The problem I want to discuss is in addition to the fact that I have a can of Coke that expired in 2007 in my office. I found it while half-assedly cleaning out part of my desk the other day and I’ve been meaning to dump it and recycle the can but haven’t gotten around to it, so it just provides a sexy background for my photo. (I drink only coffee and water at work. The only time I drink Coke is when I’m exceptionally hungover, and even then it’s not regular Coke any more because Ben gets Coke Zero, which is fine and anyway why drink soda when there’s coffee and beer.)
The problem is as follows. Remember how I said I was going to make a necklace that one time? Well I did, and I thought it was fun and liked the necklace I made. So then I made a few more necklaces. I’ve been looking for inspiration so I can make even more necklaces, which means I end up on websites for stores where I might like to buy stuff. Despite the fact that I totally failed on my spending fast (oh man, I have to update you on that tragedy), I’m really, really, really trying to avoid buying stuff.
I’m also re-reading Zen Mind, Beginner’s Mind. In it, Shunryo Suzuki states:
Or you may say, “This is bad, so I should not do this.” Actually, when you say, “I should not do this,” you are doing not-doing in that moment. So there is no choice for you. When you separate the idea of time and space, you feel as if you have some choice, but actually, you have to do something, or you have to do not-doing. Not-to-do something is doing something. Good and bad are only in your mind. So we should not say, “This is good,” or “This is bad.” Instead of saying bad, you should say, “not-to-do!” If you think, “This is bad,” it will create some confusion for you. So in the realm of pure religion there is no confusion of time and space, or good or bad. All that we should do is just do something as it comes. Do something! Whatever it is, we should do it, even if it is not-doing something.
So substitute “shopping” for “this” and you can kind of see where I’m at right now. Not-to-do! I’m not-doing shopping. Or at least that’s my intent. Not-to-do has never been easy for me.
By the way, I’m getting into Buddhism again, but the fact I’m re-discovering religion thanks to an NFL running back is a discussion for another day.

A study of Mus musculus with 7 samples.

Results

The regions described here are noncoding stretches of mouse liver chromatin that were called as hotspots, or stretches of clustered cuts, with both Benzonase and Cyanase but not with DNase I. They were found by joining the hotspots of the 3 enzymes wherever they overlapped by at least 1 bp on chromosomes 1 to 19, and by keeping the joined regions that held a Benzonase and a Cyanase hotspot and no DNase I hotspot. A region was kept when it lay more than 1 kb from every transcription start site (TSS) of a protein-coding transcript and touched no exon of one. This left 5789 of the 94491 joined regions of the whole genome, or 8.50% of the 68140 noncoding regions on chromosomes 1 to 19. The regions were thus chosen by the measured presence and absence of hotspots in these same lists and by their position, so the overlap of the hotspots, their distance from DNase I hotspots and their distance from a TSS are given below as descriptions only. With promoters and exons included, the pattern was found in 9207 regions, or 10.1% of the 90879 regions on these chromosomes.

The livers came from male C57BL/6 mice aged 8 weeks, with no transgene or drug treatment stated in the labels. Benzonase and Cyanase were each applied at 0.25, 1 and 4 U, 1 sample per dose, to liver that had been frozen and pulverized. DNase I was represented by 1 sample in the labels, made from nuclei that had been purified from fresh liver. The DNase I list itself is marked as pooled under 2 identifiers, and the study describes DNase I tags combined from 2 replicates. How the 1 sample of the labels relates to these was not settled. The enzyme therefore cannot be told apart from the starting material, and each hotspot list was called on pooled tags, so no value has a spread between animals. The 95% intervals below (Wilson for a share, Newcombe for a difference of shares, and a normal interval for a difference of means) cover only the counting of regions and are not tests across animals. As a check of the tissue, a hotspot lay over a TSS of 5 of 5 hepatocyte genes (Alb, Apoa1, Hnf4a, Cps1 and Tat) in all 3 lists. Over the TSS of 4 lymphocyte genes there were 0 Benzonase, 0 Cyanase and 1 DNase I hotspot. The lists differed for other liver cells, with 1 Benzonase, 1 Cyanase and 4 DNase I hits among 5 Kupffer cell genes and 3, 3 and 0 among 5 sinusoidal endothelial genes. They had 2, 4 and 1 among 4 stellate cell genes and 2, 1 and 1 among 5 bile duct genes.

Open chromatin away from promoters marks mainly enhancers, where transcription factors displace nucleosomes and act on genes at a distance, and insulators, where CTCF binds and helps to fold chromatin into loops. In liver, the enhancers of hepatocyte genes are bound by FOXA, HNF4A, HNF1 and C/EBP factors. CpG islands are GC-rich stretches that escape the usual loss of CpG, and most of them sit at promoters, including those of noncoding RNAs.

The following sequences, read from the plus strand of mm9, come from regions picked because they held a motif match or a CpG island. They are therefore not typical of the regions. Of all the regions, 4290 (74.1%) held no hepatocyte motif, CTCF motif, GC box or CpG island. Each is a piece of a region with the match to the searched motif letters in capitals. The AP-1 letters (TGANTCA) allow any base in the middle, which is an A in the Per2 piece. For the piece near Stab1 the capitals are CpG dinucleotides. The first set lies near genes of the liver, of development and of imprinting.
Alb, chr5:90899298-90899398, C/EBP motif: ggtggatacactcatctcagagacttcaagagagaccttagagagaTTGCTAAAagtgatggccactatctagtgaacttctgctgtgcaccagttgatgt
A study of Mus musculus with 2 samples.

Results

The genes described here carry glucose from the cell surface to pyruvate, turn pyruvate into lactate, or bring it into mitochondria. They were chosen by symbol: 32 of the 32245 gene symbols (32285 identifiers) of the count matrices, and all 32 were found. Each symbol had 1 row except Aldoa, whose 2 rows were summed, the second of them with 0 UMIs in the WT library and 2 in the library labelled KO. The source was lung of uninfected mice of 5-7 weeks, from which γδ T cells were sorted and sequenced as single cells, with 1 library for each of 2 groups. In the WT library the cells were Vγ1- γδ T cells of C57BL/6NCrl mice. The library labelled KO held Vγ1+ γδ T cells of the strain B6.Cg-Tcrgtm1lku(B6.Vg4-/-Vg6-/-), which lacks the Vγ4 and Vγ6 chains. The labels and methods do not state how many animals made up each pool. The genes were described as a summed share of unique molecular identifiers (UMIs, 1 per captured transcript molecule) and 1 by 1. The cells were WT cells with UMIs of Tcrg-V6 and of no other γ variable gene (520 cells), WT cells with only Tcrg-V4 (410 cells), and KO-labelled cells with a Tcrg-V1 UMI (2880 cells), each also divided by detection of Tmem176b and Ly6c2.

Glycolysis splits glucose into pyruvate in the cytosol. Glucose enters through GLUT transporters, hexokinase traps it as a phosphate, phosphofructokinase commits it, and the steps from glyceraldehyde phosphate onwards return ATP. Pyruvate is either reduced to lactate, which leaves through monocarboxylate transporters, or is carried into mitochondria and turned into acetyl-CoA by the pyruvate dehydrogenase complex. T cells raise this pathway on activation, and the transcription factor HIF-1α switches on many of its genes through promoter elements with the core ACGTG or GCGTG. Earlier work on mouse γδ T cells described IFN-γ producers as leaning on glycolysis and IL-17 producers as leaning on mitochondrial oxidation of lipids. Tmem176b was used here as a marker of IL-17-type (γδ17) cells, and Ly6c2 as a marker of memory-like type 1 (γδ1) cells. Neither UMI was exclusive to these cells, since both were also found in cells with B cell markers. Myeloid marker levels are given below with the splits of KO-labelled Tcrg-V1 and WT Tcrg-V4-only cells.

In my travels around the internet looking for necklaces to copy, I found one I thought was amazing. I sat cross-legged on my bed (this allows me to keep my laptop plugged in because my battery doesn’t last very long and a new laptop battery is something I’ll gladly avoid shopping for because I’d much rather buy more necklaces, which, by the way, I don’t need) and began shopping (see how this works) for supplies. I’d need some chartreuse string and some nice chunky chain and some big lucite beads and, oh wait. It’s not easy to find big lucite beads. My usual bead stores don’t carry them. So I ended up on Etsy, where I rounded up random vintage lucite beads that looked like they might be the right size and sort of have the right vibe, although the ones that were big enough were faceted instead of smooth and okay that’s probably more detail than you need. Then I had to find a pavé rectangle or oval-ish thing and three small beads, all in different colors, none of which I already own.
By the time I’d found most of the supplies, including a dismantled vintage rhinestone belt because nobody sells a suitable pavé rectangle thing, I realized that what I’d make wouldn’t look nearly as good as the inspiration necklace and would cost almost as much money, so I might as well just buy the damn thing. So I did.
And that’s dumb. But damn I love this necklace. And this is why I have dukkha, as they say in Buddhism.
So anyway, I have one necklace in the works and supplies for a few more, but I think I’m going to have to take a break from this hobby because it’s turning out to be expensive. I’m hoping that rediscovering Buddhism will be much cheaper and will provide the mental clarity I need to stop being such a necklace whore.